District looks at cyber services

Changes could be coming to the way the Warren County School District provides cyber school services.

“We are starting to explore additional opportunities for providing cyber school to our students,” Interim Director Patricia Hawley-Horner said to the Curriculum, Instruction and Technology Committee on Monday night.

The first effort the district has undertaken in this regard is reviewing the Virtual Learning Network, a cyber school provider that will build courses to match the district curriculum.

“(In) looking at possible solutions for cyber services, (we are) noticing that students are not receiving the level of credits they need to,” said Misty Weber, principal of the district’s cyber program.

Currently, the district purchases cyber courses one credit at a time from the Intermediate Unit. The IU “has 16 different (course) providers that we go through. We need to start using our curriculum to teach our kids. Through Virtual Learning Network, they can partner with us to build courses to match our curriculum.”

Once of the problems the current cyber program faces is declining enrollment. “We’ve lost 100 (students) to other Pennsylvania cyber charter schools,” Weber said.

When a student enrolls in another cyber program, funding the district would have received for that student goes to the cyber entity.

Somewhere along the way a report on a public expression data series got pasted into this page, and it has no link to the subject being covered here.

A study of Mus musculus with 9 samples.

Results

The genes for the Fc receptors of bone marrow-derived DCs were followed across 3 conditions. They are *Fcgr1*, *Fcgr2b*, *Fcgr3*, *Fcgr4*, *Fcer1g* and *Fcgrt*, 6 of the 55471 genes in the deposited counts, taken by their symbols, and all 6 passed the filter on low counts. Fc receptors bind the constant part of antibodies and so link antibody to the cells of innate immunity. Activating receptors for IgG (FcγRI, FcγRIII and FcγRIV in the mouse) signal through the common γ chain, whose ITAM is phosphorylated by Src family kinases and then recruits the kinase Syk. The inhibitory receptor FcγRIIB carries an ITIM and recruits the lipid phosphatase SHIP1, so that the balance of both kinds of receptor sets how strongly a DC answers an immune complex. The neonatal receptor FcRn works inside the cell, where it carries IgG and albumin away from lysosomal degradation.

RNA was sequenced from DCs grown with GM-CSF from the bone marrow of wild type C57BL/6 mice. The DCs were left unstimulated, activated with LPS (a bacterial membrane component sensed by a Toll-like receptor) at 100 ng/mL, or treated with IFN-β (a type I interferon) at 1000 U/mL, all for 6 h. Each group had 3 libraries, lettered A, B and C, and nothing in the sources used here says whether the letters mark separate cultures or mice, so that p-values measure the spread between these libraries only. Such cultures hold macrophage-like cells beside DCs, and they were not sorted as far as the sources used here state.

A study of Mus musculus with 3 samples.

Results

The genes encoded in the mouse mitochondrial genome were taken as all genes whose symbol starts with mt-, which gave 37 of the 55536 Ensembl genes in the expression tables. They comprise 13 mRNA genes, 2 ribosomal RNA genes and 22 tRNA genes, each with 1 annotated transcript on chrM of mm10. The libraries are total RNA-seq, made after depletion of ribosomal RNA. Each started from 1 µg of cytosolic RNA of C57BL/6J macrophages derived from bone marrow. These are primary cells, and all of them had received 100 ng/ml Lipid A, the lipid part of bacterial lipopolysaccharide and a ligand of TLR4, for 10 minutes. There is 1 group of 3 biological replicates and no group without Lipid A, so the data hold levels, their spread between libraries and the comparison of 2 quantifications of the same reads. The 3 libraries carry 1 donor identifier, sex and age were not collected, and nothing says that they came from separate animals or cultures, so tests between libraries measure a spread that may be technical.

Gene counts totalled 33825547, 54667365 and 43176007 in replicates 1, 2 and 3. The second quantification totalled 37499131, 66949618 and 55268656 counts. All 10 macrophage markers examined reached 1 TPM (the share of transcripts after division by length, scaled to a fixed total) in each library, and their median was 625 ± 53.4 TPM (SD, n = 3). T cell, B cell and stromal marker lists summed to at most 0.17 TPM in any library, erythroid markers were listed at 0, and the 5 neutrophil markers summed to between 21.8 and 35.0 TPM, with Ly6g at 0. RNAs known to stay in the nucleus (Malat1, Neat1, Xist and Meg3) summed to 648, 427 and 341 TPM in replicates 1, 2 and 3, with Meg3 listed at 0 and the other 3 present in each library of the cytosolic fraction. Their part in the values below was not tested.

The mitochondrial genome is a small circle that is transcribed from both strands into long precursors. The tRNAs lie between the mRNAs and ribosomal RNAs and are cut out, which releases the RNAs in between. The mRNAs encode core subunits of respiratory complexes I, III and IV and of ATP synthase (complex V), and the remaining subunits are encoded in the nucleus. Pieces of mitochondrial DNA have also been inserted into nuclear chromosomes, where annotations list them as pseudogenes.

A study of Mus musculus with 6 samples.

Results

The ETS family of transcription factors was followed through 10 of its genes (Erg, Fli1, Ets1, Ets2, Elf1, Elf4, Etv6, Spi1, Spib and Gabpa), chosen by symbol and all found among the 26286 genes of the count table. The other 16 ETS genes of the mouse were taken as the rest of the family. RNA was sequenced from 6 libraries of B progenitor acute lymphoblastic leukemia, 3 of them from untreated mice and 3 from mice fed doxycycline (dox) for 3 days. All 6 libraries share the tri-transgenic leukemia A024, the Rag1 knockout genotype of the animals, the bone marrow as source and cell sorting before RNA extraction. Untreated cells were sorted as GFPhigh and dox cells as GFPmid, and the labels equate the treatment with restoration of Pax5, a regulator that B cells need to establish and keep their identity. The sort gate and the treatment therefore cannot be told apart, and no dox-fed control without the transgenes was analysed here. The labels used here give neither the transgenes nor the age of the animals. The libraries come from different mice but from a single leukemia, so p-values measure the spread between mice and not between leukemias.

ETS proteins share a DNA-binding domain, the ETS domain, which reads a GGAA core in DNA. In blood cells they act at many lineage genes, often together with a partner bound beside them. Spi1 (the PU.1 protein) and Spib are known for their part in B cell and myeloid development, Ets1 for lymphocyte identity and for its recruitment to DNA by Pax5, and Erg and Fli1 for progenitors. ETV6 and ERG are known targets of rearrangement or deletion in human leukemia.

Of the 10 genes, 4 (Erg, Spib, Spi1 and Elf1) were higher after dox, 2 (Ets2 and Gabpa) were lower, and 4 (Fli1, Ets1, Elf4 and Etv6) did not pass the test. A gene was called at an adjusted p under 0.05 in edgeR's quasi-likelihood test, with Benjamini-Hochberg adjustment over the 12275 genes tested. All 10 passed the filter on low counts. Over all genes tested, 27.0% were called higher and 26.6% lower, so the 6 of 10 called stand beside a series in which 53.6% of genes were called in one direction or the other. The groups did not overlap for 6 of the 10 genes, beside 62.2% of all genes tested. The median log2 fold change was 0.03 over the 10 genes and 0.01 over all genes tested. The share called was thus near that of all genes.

The root cause of that problem appears to be the quality of the district’s product.

“What we have been offering isn’t the best that we can,” Weber explained. “Ultimately, I think we need to use our educators to build these online courses to teach our kids (but we’re) not there at this point. (We) need to encompass what our students need.”

Committee chair Dr. Paul Yourchisin asked how the financials compare between VLN and the IU.

Weber explained that the average student is only completing four full courses per academic year currently. “We want to see them get seven credits,” she said.

If a student completed seven credits through the IU, VLN would present a $500 savings per student.

The IU currently charges $3,920 for a full course load plus $1,000 for the technology. A full course load through VLN would cost $4,250 and they would provide textbooks, something the IU currently does not do.

Cost savings could be realized in other ways, as well.

“We can try to market to get some of our students back to get that money back,” Weber said. The district could also save on NovaNet licenses that would not be needed if a program like VLN was implemented.

“We’re not winning against the cyber-charter schools,” Weber said. “That’s a lot of money that’s starting to seep out. I think that we’ve got to start taking a more proactive solution to keep students in our district.”